ALL MTA buses are equipped with wheelchair lifts, which allow wheelchair users to board through the rear door. These "kneeling buses" also facilitate boarding for mobility impaired passengers including elderly people, and people with crutches or canes. For more information, visit the MTA's page.
Planning a Trip | Tips for Travelers with Special Needs
Access-Able Travel Source (tel. 303/232-2979; www.access-able.com) is another excellent online source. You'll also find relay and voice numbers for airlines and car-rental companies on Access-Able's user-friendly site, as well as links to New York's best accessible accommodations, attractions, transportation, tours, local medical resources and equipment repair, and much more.
City-Specific Information -- Hospital Audiences, Inc. (tel. 212/575-7676; www.hospitalaudiences.org), arranges attendance and provides details about accessibility at cultural institutions as well as cultural events adapted for people with disabilities. Services include "Describe!," which allows visually impaired theatergoers to enjoy theater events; and the invaluable HAI Hot Line (tel. 212/575-7676), which offers accessibility information for hotels, restaurants, attractions, cultural venues, and much more. This nonprofit organization also publishes Access for All, a guidebook on accessibility, available by calling tel. 212/575-7663 or by sending a $5 check to 548 Broadway, 3rd floor, New York, NY 10012-3950.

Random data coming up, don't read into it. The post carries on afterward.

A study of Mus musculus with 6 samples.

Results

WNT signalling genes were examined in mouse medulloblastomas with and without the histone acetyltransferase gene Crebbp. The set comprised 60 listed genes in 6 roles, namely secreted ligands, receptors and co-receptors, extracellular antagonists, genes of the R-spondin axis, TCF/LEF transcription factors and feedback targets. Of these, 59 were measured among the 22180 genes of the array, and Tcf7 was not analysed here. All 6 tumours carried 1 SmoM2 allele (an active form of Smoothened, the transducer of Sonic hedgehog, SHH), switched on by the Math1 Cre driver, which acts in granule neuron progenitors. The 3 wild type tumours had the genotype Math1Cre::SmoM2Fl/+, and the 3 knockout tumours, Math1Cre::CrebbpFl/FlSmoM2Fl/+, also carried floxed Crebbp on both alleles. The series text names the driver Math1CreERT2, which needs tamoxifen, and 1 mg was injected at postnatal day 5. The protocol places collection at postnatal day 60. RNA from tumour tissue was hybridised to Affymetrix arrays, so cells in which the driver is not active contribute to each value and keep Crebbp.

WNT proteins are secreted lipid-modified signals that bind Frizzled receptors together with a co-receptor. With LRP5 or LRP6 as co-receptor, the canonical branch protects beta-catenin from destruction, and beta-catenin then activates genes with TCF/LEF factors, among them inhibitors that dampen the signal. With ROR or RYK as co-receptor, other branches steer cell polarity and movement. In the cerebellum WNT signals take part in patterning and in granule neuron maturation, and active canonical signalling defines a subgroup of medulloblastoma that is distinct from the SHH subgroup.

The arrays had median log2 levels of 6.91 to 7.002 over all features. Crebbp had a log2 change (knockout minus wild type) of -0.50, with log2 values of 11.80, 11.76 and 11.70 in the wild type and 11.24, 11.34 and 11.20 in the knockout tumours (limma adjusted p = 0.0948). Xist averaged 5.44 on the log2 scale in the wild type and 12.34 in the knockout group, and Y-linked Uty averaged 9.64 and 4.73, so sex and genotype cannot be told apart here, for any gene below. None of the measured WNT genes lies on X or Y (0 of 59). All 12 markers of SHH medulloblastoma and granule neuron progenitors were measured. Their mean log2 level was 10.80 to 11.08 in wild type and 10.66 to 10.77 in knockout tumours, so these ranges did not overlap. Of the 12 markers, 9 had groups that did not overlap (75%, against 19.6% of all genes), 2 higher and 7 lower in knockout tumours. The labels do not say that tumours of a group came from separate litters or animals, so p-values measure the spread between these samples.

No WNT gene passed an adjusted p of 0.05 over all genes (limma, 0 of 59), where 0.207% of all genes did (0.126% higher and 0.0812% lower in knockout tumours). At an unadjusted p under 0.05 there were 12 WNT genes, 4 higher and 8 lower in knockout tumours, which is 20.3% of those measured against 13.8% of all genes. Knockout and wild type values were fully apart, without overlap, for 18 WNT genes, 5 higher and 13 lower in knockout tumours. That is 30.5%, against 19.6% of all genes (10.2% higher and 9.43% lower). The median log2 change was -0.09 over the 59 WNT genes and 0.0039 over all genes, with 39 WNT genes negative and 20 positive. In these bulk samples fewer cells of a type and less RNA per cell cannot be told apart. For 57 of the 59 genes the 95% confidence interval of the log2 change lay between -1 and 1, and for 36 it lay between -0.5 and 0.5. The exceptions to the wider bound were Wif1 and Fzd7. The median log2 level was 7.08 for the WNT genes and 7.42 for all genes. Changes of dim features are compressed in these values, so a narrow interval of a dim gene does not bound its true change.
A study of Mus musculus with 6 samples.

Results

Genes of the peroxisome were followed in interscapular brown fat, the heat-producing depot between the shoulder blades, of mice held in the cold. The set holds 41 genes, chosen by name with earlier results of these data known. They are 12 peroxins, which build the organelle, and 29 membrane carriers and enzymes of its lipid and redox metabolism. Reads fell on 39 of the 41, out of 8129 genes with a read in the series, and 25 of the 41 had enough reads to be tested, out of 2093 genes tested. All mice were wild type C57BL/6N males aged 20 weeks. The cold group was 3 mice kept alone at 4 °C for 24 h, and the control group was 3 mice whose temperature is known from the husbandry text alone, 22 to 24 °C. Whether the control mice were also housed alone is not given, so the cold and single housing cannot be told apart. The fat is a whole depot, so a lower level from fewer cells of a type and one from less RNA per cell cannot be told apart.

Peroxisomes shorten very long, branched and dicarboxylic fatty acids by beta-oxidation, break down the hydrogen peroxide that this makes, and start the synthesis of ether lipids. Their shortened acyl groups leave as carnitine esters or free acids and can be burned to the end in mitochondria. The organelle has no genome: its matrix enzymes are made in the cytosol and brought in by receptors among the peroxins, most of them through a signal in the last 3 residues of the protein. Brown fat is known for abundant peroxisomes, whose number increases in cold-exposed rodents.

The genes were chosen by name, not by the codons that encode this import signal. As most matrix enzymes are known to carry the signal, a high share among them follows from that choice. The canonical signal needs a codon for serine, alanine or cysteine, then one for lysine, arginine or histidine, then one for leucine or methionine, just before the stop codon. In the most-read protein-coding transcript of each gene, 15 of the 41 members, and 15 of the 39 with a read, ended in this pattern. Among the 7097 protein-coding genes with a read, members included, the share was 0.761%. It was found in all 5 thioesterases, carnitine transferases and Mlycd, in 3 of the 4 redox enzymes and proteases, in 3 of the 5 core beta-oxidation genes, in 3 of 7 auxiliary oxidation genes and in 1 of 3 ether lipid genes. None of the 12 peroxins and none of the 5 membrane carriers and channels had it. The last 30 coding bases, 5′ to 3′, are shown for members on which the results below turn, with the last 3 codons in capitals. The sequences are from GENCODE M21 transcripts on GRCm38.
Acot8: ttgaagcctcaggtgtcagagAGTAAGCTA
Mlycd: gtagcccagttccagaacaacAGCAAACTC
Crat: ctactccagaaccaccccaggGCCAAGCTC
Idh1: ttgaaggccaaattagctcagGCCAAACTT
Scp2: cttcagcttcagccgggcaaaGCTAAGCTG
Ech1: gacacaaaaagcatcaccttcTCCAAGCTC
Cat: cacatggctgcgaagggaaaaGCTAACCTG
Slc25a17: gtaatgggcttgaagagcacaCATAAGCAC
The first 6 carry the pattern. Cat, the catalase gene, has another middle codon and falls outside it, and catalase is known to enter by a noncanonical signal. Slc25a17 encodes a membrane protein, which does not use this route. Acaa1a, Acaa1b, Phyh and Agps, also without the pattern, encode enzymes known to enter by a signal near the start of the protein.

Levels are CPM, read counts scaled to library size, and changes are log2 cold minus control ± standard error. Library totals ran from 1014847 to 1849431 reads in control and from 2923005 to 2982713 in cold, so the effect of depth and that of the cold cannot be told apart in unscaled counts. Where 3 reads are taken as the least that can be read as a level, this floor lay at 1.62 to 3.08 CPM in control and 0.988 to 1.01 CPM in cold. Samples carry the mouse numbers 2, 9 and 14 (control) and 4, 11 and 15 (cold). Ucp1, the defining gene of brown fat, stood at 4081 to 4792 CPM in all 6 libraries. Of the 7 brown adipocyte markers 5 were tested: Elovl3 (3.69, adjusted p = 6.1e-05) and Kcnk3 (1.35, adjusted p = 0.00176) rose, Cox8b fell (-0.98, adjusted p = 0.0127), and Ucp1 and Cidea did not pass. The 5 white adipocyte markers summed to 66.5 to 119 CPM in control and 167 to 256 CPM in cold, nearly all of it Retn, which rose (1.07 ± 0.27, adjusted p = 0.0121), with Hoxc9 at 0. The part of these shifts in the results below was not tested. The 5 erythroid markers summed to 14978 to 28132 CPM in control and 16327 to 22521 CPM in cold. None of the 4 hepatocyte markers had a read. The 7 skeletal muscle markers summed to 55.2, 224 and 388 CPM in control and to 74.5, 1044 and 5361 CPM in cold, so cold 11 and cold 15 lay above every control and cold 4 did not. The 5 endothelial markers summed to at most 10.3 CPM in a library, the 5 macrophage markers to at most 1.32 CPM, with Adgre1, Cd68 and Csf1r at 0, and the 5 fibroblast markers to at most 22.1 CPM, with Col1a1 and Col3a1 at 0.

Another terrific source for disabled travelers coming to New York City is Big Apple Greeter (tel. 212/669-8159; www.bigapplegreeter.org). All of its employees are extremely well versed in accessibility issues. They can provide a resource list of agencies that serve the city's disabled community, and sometimes have special discounts available to theater and music performances. Big Apple Greeter even offers one-to-one tours that pair volunteers with disabled visitors; they can even introduce you to the public transportation system if you like. Reserve at least 1 week ahead.